For most kids, bedroom cleaning is one of the top dreaded of all household chores. It falls within the ranks of scooping the poop or spending an entire Saturday afternoon cleaning the garage. Many moms get such opposition to this dreaded chore, often they just end up cleaning their children’s room themselves. But have you ever stop to wonder why this job is so dreaded by most children?
Bits, Parts and Pieces
A child’s bedroom seems to be the gathering place for discarded wrappers, torn paper, broken toy parts and even the occasional rotten banana peel. All these bits, parts and pieces can make a child feel so overwhelmed they often don’t even know where to begin! The solution? Give them a system.
In the adult world, we have systems and procedures in place to effectively carry out tasks. Can you imagine beginning a new job with nothing more than “good luck” and a slap on the back? Or how about your local city government all running things as they see fit without following procedures? It would be sheer chaos and not very productive. Yet, that’s the kind of environment we set for our children to work in when we likewise, don’t give them a system in which to clean. To the adult, it may seem obvious as to what needs to be done to get a room clean, but to a child, it could very well just seem like a whole lot of chaos.
The Bedroom Cleaning Tools
The right tools can help us do our jobs efficiently. The same is true for a child to clean a bedroom. You will need 4 small plastic tubs or laundry baskets and a small garbage can. With a permanent marker, write on each individual plastic tub (or laundry basket) the following words: return, clothes, toys, books. Next, draw a half way mark inside the garbage can. posters barnrum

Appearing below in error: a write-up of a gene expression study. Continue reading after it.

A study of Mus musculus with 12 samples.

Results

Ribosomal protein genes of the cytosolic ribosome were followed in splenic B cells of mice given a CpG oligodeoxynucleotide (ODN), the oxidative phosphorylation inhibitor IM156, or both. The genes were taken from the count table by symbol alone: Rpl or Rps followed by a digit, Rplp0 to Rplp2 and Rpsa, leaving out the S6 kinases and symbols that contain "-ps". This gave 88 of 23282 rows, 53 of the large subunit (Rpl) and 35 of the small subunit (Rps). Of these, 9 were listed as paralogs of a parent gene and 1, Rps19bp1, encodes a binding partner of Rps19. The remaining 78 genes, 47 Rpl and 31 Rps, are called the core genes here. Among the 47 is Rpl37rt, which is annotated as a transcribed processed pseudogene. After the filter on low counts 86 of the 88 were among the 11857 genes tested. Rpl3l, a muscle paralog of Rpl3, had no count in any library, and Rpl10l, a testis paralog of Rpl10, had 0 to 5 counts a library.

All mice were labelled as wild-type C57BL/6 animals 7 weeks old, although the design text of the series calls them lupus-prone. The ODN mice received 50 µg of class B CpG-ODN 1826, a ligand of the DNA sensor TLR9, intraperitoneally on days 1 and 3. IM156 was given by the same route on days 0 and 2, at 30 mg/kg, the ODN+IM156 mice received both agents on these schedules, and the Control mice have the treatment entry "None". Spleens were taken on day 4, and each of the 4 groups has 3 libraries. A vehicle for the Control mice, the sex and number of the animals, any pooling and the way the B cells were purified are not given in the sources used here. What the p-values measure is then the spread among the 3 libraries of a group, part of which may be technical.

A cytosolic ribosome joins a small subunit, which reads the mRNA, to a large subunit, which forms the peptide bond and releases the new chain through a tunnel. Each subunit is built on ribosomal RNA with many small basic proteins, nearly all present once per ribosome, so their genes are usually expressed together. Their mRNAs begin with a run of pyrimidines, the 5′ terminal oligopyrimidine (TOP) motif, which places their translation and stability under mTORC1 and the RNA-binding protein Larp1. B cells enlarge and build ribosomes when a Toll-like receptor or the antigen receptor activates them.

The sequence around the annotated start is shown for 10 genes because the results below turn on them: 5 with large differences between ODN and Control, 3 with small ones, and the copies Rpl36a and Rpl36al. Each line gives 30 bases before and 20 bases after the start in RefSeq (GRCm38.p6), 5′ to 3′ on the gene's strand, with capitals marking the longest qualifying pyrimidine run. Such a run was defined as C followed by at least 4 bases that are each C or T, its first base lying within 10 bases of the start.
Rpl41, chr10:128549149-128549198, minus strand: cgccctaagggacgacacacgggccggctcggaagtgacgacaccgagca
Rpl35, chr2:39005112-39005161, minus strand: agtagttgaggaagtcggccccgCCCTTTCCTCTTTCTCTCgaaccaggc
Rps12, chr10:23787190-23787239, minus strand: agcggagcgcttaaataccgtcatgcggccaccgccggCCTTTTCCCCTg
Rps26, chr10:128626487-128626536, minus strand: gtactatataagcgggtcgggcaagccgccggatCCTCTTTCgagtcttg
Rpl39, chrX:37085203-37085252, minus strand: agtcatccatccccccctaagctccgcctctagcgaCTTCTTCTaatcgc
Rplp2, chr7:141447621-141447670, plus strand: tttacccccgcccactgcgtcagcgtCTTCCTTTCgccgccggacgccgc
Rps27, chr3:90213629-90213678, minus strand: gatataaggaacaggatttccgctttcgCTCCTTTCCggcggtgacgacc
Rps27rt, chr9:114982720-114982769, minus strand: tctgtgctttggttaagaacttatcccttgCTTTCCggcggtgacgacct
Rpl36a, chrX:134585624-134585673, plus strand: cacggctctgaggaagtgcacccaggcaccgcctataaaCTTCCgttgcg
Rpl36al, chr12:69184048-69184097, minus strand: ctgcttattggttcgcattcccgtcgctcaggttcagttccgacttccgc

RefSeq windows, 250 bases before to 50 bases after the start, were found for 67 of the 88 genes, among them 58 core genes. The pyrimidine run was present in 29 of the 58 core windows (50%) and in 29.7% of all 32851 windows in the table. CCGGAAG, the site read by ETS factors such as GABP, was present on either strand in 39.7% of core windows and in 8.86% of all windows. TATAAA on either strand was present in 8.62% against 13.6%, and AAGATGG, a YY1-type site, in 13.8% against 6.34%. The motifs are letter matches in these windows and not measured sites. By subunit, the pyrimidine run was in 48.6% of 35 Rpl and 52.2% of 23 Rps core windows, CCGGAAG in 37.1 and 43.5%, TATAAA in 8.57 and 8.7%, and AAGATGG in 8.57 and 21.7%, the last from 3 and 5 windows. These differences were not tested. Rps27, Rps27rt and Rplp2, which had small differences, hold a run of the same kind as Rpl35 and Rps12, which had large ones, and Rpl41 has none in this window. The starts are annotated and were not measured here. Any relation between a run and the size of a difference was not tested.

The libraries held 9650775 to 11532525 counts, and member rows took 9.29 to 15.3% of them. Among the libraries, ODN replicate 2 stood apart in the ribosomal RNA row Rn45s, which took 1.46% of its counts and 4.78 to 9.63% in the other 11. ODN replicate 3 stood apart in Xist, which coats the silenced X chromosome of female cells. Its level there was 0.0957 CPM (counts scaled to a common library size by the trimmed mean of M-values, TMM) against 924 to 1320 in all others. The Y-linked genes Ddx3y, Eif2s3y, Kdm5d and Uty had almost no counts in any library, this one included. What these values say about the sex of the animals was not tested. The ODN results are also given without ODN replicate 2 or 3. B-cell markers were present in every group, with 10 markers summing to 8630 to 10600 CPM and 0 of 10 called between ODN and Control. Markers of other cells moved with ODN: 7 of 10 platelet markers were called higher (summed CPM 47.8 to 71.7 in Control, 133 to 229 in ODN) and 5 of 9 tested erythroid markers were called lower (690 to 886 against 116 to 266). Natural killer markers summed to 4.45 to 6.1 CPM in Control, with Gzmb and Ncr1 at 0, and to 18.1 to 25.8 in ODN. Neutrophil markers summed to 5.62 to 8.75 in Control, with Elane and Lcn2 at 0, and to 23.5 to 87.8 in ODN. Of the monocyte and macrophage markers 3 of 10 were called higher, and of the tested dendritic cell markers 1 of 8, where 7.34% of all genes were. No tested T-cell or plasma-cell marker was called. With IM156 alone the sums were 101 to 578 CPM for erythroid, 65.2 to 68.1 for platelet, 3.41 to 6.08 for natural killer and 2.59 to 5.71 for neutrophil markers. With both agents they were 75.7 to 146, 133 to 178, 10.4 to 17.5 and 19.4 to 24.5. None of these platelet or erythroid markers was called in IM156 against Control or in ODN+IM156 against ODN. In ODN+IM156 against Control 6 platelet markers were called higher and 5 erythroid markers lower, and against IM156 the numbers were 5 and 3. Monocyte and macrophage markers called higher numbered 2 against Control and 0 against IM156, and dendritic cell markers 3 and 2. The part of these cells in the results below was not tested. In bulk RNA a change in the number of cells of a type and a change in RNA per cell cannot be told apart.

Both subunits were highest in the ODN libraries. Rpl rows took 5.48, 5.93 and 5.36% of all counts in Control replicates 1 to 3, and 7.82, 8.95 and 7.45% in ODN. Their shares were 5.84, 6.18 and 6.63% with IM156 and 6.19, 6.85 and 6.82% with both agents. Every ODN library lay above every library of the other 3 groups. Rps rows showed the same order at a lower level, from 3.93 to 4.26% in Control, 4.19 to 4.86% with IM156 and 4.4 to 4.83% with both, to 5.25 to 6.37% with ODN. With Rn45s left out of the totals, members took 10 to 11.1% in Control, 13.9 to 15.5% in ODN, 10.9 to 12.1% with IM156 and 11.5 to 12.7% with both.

Toss, Divide and Conquer!
Toss–The first step of the system is also the most fun! It is to make a big messy pile in the middle of the room. Using the door as a starting place, have your child work their way around the parameter of the room, tossing everything that is out of place into one big pile in the middle. Don’t forget to throw the garbage such as wrappers (provided it’s not a rotten sandwich!) into the pile as well.
Divide–For this step you will need the marked tubs and garbage can placed near the messy pile. Have your child sort through the pile, tossing the various items into the appropriate tubs or garbage can. For example, schoolbooks, comics or magazines, go into the tub marked “books”. The “return” tub should be used for any items that need to be returned to other areas of the house such as dishes or dirty clothes.
Conquer–After the messy pile is gone, the contents of the tubs need to be returned to their proper place, one at a time. If the garbage can is higher than the inside marked line, it will need to be emptied. If the garbage is lower than the line, it can be put back for next time. Last, but not least, the tubs need to be returned to their designated storing place.
Voila! You’ve just given your child a recipe for success to clean a messy room! Not only do most children consider this way of cleaning fun, but it boosts self confidence and provides skills that can last a lifetime.